Fitting the bodice pattern is the first job you’ll tackle in making your personal block. It may seem a bit daunting - but once you have a good-fitting bodice, you’ll never have to worry about it again!
Put the bodice muslin on yourself or the dress form and pin it closed along the marked seamline. Bear in mind that the muslin offers very limited garment ease.
It is intended to fit closely, probably more closely than you are accustomed to wearing your clothes. But the fit should still be reasonably comfortable and you should be able to move freely. If not, you’re finding a fit problem.
Now, step back and take a good look at how the bodice fits. I’ve always believed that the garment will tell you what it needs. What is the bodice telling you?
Now - Do you feel the need to clip a curve, release a dart, or open a seam to allow more room? Or do you feel you need to pin up excess fullness? You may need to do both, in different areas of the bodice.
These photos show a bodice being fit on my personal dress form (big belly and all!). I am far from a perfect proportion, so there are plenty of fit issues illustrated here.
First, take a look at the marked grainlines, both vertical and horizontal. Are they hanging straight? If vertical lines seem to be hanging at an angle or horizontal lines are curved, that’s an indication of a problem.
Also look for wrinkles or other tell-tale lines that speak of fit problems. If the bodice is tight across the bust, there will be horizontal lines across the apex (fullest part) of the bust; you’ll see the same thing if it’s tight across the back.
If the bodice is baggy or droopy, there may be vertical or diagonal lines showing that the fabric drapes where it shouldn’t.
On my bodice, you’ll see that the front waist does not reach the tape marking the waist on the form. The bodice is quite short in the front (due to the larger bust and belly).
In the mirror, you can see that the back is too long – there is bunching at the waist and fold lines that indicate too much fabric in the back.
Looking at the bodice from the side, you can see that the side seam is pulling forward and there are pull lines below the front dart. These lines are not folds of excess fabric (like in the back), but lines that indicate that the front is too tight and is pulling the side forward.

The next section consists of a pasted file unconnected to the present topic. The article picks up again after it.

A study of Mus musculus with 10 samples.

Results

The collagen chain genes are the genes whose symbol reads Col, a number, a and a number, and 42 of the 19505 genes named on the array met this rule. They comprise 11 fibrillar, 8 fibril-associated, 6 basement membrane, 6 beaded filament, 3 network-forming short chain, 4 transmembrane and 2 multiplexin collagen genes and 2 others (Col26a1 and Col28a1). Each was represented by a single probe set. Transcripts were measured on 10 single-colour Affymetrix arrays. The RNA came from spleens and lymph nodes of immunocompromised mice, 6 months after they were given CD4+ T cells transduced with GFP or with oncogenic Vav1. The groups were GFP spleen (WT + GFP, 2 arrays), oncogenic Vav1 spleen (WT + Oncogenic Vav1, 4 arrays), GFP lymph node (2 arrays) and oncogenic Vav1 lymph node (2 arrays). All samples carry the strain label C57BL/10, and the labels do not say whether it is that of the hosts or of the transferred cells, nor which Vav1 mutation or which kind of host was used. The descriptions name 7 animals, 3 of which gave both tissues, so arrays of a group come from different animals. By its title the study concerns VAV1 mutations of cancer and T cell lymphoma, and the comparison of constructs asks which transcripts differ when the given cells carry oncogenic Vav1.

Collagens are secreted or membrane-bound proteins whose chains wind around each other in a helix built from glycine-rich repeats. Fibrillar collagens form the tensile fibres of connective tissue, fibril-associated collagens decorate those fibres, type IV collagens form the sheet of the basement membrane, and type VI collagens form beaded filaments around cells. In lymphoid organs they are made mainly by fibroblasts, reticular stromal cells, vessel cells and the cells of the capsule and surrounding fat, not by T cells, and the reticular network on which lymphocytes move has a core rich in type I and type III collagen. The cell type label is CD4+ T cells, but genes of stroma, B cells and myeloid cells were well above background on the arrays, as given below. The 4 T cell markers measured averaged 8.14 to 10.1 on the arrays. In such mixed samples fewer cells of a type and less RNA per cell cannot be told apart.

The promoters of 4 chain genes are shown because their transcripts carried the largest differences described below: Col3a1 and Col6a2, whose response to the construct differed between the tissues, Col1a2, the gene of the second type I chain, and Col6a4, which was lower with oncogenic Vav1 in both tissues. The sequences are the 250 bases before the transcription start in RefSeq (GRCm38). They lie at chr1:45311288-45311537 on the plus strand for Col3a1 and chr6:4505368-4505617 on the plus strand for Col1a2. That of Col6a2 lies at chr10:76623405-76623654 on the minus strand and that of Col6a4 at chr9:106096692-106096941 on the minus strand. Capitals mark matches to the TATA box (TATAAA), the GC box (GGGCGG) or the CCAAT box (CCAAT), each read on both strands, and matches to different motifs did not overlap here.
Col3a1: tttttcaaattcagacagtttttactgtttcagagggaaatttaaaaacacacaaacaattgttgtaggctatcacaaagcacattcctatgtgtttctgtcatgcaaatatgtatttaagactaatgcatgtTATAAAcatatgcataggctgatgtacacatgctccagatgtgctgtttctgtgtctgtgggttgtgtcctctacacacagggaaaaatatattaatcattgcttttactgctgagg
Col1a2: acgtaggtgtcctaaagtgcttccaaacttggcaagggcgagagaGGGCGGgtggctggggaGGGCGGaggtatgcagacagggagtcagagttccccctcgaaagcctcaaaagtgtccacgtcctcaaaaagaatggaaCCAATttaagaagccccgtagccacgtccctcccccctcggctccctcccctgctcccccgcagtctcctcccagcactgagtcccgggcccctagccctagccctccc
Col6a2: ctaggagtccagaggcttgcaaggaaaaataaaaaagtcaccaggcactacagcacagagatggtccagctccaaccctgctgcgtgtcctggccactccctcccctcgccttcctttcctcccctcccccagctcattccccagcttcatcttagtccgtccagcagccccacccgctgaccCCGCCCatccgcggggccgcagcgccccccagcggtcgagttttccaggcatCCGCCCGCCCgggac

The good news is, the grainlines are straight!
Go ahead and start pinning or releasing darts and seams as needed. Do this until the bodice hangs evenly, the fabric is smooth, and the fit is close but still comfortable.
When you’ve pinned the bodice pattern in a way that fits and hangs well, MARK YOUR CHANGES (I use a red felt-tipped pen for this). Do this BEFORE you remove the bodice from the form.
Re-sew the bodice using the red lines to make your sewing alterations and re-fit.
Is it better? Have other problems arisen from the changes you made? It happens; just keep making corrections until you’re satisfied with how it looks and fits.
Once you have fit the bodice pattern to your satisfaction, you can set the sleeve (if you made any changes that affect the armhole, like the one above, you’ll need to adjust the underarm seam of the sleeve first).
Then go on to “Fitting the Sleeve”.
The examples on this site reflect MY fitting issues and how I resolved them. Your body is likely very different.
But, since this is a site about the mechanics of making patterns and not specifically about fitting, I'm not going to address other fit issues here. And believe me, there are others who can address this issue better than me.
Any of the books listed below will help you achieve good fit. You can use the techniques on any pattern; but why make the same corrections over an over again? Apply the principles to your block, and the fit corrections YOU need will be automatically built in to every pattern you make!
I can recommend any of the following books and an online course to help you achieve good fit, no matter what your size or shape. I own or have used almost all of the books on this list, and have been pleased with how they address fit problems.
- Sewing Pattern Alterations: Fixing Fit Issues - This online course from Udemy is essential for creating clothing with a good fit. There's nothing worse than spending time and money on making a garment, only to find it doesn't fit well! Learn how to fix the pattern BEFORE you cut into your fabric! The course covers necklines, sleeves, skirts and pants.
• Pattern Fitting With Confidence - A very useful book written by the late Nancy Zieman, host of the TV series "Sewing with Nancy". She provides a straightforward, down-to-earth approach to sewing and fitting. Very user-friendly.
• The Complete Photo Guide to Perfect Fitting - I love this book!!! So wonderfully illustrated with photos, using commercial patterns to demonstrate the pattern alterations. It addresses almost any fit problem you might have. So easy to understand and follow!
• Sewing for Plus Sizes - Creating Clothes that Fit and Flatter - A great book for Plus sizes! As a woman gets larger, it's not just the measurements that change - our overall proportions shift, too. This book addresses the different body types and proportions you commonly see in larger women. Truly helpful for larger women.